Whether they’re giving instructions or giving feedback, anything less than absolute clarity kills the effectiveness of managers. Especially silence.
As management expert Kenneth H. Blanchard puts it, “Unexpressed good thoughts aren’t worth squat!”
I used to be a very vague manager. There were several reasons clarity scared me. But lacking clarity made my entire job even more scary in the long run.
In his national bestseller, The One Minute Manager, Ken Blanchard explains why clarity is so important. The secret to effective management, he says, is in learning to give “One-Minute Goals,” “One-Minute Praises,” and “One-Minute Reprimands.” All those communications must be done clearly. Painfully clearly.
I honestly didn’t realize for a long time that I had trouble being clear. But after my own leader had me read Blanchard’s book, I stopped beating around the bush with my team members. I started giving very direct, concise, clear instructions and feedback. And the results were beyond amazing: Suddenly things started getting done. And on top of that, my new short-and-sweet management style saved me time I’d been desperately needing.
Clarity is absolutely essential to effective management. Seems fairly obvious, right? Yet of the many managers I’ve worked with and learned from, only a very few have escaped the vague plague and wielded the powerful weapon of clarity.
So why is it that we managers seem to be born with the fear of being clear? I’ve seen four big reasons:
1. We think we’re being smart, cool, and progressive.
Seems like a silly reason, but I’ve been guilty of this. For some reason we think it’s the “progressive” or “modern” way to speak only in generalities, suggestions, and maybes. No absolutes. We have to make way for our employees’ “freedom,” or “personal opinion.” No stepping on toes, no ranking our own voice above others.
Thing is, though, there’s a reason you were chosen to be the leader. Touchy-feely simply doesn’t work in a productive workplace. That does not mean you push people around! And it does not mean you don’t let your team make decisions for itself! But when the team (or a teammate) needs to understand something, being vague, or “subtle,” is not what you’re being paid for.
2. We are afraid of frustrating our team and being considered unfair.
As every manager knows, the position comes with lots of scrutiny by a prejudiced audience. Being in charge isn’t always fun, especially when you have to make unpopular decisions or give critical feedback. It wears on managers day by day. But there’s an easy way to escape that–at least temporarily: Don’t make decisions and don’t give honest feedback. Be vague. Or silent.
For a while this feels good–like we avoided offending our team, like they’re happy with us. But without strong and honest leadership, teams and projects fall apart–that’s why you were made a manager in the first place. Before long, as things fall apart, your team begins criticizing you anyway (you are, after all, the leader), and what’s worse, your own leaders have a reason to be frustrated with you as well.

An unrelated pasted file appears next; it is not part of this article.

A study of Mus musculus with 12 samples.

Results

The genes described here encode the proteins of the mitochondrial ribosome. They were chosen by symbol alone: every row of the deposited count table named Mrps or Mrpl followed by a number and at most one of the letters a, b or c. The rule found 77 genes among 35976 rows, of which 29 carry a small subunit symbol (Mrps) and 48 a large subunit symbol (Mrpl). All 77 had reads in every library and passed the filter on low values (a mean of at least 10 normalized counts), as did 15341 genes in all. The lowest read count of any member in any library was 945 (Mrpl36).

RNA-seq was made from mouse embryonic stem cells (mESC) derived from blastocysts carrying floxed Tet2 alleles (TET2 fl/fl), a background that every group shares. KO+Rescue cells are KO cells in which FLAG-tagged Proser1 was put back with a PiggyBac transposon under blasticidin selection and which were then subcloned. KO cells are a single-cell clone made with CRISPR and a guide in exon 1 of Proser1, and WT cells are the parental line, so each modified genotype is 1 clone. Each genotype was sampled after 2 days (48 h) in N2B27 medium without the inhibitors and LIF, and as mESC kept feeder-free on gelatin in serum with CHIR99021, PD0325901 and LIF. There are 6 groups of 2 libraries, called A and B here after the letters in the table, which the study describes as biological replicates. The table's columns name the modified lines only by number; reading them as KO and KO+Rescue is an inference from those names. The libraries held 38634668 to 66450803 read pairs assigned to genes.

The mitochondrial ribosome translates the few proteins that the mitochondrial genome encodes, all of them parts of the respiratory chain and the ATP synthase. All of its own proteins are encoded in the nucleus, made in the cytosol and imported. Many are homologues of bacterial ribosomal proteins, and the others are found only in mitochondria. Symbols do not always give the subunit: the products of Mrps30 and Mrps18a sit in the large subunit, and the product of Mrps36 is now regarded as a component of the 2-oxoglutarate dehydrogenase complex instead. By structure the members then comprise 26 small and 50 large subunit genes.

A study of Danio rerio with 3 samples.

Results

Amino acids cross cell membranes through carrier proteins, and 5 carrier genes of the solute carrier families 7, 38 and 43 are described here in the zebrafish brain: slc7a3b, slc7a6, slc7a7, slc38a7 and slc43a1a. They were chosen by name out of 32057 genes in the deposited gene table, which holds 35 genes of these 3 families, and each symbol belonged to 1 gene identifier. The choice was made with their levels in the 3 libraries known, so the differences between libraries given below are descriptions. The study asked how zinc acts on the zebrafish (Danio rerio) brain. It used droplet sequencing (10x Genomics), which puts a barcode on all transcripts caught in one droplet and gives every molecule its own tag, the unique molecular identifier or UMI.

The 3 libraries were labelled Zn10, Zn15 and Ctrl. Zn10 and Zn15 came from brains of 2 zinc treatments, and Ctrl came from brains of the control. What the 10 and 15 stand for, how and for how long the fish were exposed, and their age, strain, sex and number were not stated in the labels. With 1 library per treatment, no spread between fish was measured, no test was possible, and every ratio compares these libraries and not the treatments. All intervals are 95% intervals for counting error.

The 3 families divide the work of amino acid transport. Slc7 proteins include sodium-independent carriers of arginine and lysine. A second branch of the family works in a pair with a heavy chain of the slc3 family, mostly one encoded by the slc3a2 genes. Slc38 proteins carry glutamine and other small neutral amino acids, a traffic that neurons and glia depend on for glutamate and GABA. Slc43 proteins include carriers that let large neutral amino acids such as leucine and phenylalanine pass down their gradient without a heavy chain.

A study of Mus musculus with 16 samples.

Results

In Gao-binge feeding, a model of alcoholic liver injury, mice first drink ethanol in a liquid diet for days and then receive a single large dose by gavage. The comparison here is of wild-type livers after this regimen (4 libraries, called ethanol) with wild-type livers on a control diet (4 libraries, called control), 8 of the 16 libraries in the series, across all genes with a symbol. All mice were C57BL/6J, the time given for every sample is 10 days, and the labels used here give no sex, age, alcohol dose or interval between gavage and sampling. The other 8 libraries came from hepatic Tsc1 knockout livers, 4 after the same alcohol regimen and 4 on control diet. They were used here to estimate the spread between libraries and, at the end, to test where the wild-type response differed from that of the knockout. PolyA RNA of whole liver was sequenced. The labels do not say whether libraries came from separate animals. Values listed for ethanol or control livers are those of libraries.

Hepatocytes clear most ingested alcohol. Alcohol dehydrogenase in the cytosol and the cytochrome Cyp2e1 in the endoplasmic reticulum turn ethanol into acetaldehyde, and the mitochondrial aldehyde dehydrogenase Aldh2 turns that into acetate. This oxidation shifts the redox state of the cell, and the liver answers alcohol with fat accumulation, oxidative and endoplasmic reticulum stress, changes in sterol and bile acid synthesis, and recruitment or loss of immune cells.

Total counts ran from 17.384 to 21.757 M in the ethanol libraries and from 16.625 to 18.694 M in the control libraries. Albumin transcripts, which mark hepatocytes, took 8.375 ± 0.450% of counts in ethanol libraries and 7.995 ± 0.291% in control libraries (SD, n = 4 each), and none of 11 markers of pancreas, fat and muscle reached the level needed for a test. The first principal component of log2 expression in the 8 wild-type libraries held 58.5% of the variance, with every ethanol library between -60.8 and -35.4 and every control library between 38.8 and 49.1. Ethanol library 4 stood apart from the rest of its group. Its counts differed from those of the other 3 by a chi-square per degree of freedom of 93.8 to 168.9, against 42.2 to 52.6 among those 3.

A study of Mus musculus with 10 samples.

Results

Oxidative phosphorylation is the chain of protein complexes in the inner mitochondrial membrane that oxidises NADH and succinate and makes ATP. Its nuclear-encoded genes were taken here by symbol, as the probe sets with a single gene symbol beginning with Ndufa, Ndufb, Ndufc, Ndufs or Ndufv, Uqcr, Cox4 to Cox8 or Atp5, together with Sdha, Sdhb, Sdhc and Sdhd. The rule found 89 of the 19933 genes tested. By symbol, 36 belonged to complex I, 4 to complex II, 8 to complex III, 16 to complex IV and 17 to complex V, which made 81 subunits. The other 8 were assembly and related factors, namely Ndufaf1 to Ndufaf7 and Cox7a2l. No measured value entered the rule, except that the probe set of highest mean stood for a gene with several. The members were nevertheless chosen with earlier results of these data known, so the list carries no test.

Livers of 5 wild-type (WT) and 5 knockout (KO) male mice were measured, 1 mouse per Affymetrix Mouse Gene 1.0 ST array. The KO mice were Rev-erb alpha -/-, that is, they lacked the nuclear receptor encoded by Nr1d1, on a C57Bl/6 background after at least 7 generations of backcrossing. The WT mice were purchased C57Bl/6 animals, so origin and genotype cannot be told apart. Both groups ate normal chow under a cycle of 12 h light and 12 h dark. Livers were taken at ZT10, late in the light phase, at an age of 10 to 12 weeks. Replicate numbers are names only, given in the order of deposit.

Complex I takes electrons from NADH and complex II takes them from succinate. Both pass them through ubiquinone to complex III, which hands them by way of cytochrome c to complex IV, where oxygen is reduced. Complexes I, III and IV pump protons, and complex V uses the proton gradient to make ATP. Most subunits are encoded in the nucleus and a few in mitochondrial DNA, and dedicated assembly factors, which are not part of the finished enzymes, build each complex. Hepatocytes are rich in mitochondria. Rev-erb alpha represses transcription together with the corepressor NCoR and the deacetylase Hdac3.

3. We are afraid of having to take responsibility.
If we do give very clear instruction and feedback, we are in a sense accepting responsibility for the outcome. If we say “do it this way,” and it doesn’t work, everyone can point fingers at us. So even though it’s usually not on a conscious level, there’s often a protective mechanism inside us that warns, “Don’t lead clearly or you’ll have to take the blame.”
Maybe we should take one more step back, though, and tell ourselves, “If you don’t lead clearly, you’re going to get blamed anyway.” You just have to choose between getting blamed for mistakes you’ve directed or getting blamed for getting nothing accomplished at all. In the long run, it’s pretty obvious which of those options leads you straight to a demotion.
4. We are afraid of what comes along with success.
Clarity is a vital piece of success. And success sounds great! Right? Who wouldn’t want it? But here’s the catch: Success brings with it several new things we may not want to face. Finally succeeding may force us to admit we weren’t doing it the right way earlier on. And then it means we had better start doing it the right way all the time, because now we are expected to maintain. And while “success” sounds great, maintaining your best work is definitely not taking the path of least resistance. In fact, it’s a lot easier to just keep “struggling” and being able to blame problems outside yourself.
There’s no simple trick to beat this one. I think it’s the toughest one to deal with. And that’s why it’s also the hardest to see and admit to ourselves. Succeeding means you no longer have any excuse for failing or giving up. Succeeding gives you greater responsibility and means you will be held to a higher standard.
So watch out for those first 3 reasons you might be a vague manager. And remind yourself of their antidotes. But the biggest challenge is that 4th one. You have to decide: Do you really want to succeed?
If you do want it, be a clear leader. Speak clearly–simply, directly, and honestly. No more beating around the bush. No more mister nice guy. No more of the vague plague. Your team needs your clearest guidance.
As a leader, even of yourself, what are some ways you’ve learned the importance of clarity?